I'm not much of a television viewer, however several shows keep my interest. Or, more accurately, they give my brain a rest. That's one role television should play in our lives. Practically every night, for instance, I watch Diners, Drive-Ins and Dives with Guy Fieri on the Food Network. Despite my annoyance with Fieri's penchant to like every meal he tries (how is this possible?), I love the man. And I find myself using one of his catch phrases to describe situations that simply make sense.
Consider J.C. Penney's (NYSE:JCP) decision to hire a former Apple (NASDAQ:AAPL) executive as its new CEO - it's "on point." And not just because Rob Johnson, who runs Apple's retail operation, gets it. It's more than that. It's a bit like applying the way Fieri does television to old, boring traditional programming as a means to refresh it and bring it into 2011. If you've ever set foot in a J.C. Penney store, my analogy makes sense.
I don't have much doubt that Johnson comes into J.C. Penney with two conditions -tabula rasa and carte blanche. Here's a snip from the above-referenced WSJ story:
Mr. Johnson has won kudos for reinventing the concept of the retail store at Apple. Apparel retailers have long admired Apple's store environments, including their spare, uncluttered layout and use of handheld checkout devices.
J.C. Penney, a company I have been somewhat bullish on for a while, becomes one of - but not the first - to turn its admiration into reality. It's a bit like finally asking her out on a date as opposed to dreaming of how nice it would be to date her.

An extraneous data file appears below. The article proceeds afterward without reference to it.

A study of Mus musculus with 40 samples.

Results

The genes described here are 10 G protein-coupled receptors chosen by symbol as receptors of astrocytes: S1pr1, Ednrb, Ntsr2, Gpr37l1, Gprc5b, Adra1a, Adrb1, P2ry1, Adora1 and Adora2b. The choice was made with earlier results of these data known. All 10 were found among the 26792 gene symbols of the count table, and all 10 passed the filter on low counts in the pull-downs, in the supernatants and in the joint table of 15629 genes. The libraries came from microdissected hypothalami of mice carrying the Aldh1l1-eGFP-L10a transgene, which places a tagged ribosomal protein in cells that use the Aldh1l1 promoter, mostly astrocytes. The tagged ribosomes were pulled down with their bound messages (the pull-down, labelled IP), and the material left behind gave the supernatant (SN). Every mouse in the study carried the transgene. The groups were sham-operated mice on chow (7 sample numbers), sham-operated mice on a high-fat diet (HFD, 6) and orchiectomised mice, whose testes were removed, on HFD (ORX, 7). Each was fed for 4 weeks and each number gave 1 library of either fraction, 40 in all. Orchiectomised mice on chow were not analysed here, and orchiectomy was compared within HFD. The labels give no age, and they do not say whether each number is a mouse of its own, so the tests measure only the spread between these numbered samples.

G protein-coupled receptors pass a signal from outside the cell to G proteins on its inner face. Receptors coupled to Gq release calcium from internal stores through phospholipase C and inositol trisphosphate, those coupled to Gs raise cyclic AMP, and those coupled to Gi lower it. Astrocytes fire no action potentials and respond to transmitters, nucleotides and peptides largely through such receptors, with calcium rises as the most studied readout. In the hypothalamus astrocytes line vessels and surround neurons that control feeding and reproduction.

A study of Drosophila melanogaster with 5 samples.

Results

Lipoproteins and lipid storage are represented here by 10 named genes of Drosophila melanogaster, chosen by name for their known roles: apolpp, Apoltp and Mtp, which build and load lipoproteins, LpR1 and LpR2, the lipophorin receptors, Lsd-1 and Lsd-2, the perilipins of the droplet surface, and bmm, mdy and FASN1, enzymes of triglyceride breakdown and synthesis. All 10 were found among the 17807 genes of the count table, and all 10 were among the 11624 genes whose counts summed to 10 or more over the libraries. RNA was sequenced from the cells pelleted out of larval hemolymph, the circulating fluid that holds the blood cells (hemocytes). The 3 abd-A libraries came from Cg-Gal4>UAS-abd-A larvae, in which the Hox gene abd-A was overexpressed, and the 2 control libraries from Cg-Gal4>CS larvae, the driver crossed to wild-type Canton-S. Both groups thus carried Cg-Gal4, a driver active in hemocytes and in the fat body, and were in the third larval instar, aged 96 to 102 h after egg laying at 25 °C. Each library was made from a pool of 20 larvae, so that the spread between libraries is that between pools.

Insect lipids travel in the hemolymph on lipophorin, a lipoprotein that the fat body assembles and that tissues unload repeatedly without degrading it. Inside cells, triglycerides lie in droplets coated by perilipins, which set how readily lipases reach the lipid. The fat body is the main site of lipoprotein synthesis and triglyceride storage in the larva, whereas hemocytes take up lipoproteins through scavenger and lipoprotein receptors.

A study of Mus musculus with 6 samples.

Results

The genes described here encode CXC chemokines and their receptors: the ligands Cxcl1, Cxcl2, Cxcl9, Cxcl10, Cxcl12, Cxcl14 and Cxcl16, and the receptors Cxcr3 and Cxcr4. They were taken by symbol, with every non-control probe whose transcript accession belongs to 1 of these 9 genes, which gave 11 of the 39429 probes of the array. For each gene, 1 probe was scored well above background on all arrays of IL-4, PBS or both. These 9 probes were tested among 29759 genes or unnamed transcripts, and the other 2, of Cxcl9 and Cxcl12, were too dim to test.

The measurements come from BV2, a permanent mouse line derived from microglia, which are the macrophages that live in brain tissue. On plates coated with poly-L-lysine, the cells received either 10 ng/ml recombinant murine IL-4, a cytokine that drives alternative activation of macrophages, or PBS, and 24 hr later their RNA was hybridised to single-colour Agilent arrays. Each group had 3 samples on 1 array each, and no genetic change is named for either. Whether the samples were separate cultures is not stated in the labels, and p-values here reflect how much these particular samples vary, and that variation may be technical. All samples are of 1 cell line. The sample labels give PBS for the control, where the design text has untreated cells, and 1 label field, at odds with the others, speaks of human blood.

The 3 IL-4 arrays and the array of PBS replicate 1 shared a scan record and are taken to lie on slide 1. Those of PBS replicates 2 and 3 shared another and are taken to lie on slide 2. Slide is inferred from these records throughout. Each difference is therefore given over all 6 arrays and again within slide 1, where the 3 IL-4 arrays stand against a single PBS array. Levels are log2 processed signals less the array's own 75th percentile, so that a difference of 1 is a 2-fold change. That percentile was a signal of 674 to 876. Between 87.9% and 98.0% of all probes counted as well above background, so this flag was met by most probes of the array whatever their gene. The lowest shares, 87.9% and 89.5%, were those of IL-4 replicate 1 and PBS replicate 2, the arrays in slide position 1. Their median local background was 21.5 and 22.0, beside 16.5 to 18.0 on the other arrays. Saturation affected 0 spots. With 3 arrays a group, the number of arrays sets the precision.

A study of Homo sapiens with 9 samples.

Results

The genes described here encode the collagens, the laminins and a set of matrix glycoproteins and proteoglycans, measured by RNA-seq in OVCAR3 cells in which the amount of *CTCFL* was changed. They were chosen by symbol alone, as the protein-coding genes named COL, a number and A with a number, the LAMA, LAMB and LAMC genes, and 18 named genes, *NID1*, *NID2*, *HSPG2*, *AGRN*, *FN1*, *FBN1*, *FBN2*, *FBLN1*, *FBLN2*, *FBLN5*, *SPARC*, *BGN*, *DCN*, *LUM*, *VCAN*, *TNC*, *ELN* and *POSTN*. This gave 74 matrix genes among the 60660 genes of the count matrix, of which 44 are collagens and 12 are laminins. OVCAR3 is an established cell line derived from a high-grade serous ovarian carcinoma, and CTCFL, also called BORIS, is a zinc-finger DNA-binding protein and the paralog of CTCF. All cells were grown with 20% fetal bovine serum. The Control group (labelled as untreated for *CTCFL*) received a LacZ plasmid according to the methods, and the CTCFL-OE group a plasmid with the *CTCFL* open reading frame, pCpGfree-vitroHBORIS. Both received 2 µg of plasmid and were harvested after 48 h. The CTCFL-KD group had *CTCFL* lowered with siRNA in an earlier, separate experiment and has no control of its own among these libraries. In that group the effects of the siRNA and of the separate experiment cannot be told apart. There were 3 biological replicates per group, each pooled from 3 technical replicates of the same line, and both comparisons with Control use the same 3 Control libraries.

Tesla Motors (NASDAQ:TSLA) made a similar move about a year ago when it hired a former Apple and Gap (NYSE:GPS) retail executive to guide its unique retail strategy. Thus far, it has paid dividends, given the success of the company's early experimentation with Apple-like car dealerships.
As of this writing - midday Tuesday - JCP touched an intraday high of $35.21. It's gyrating around the upper $34.00 range. My Schwab account shows JCP as "hard to borrow," which leads me to believe that plenty of shorts got caught off guard by the news. Once the dust - and the covering settles - I think JCP, alongside TSLA, makes for a nice long-term investment. I like both companies' aggressive plays and innovative retail approaches. I do hope, however, that the hiring of Johnson also marks a move toward serving higher-end customers at J.C. Penney.
Disclosure: I am long TSLA.
Additional disclosure: I may initiate a long or short position in any of the stocks mentioned in this article at any time.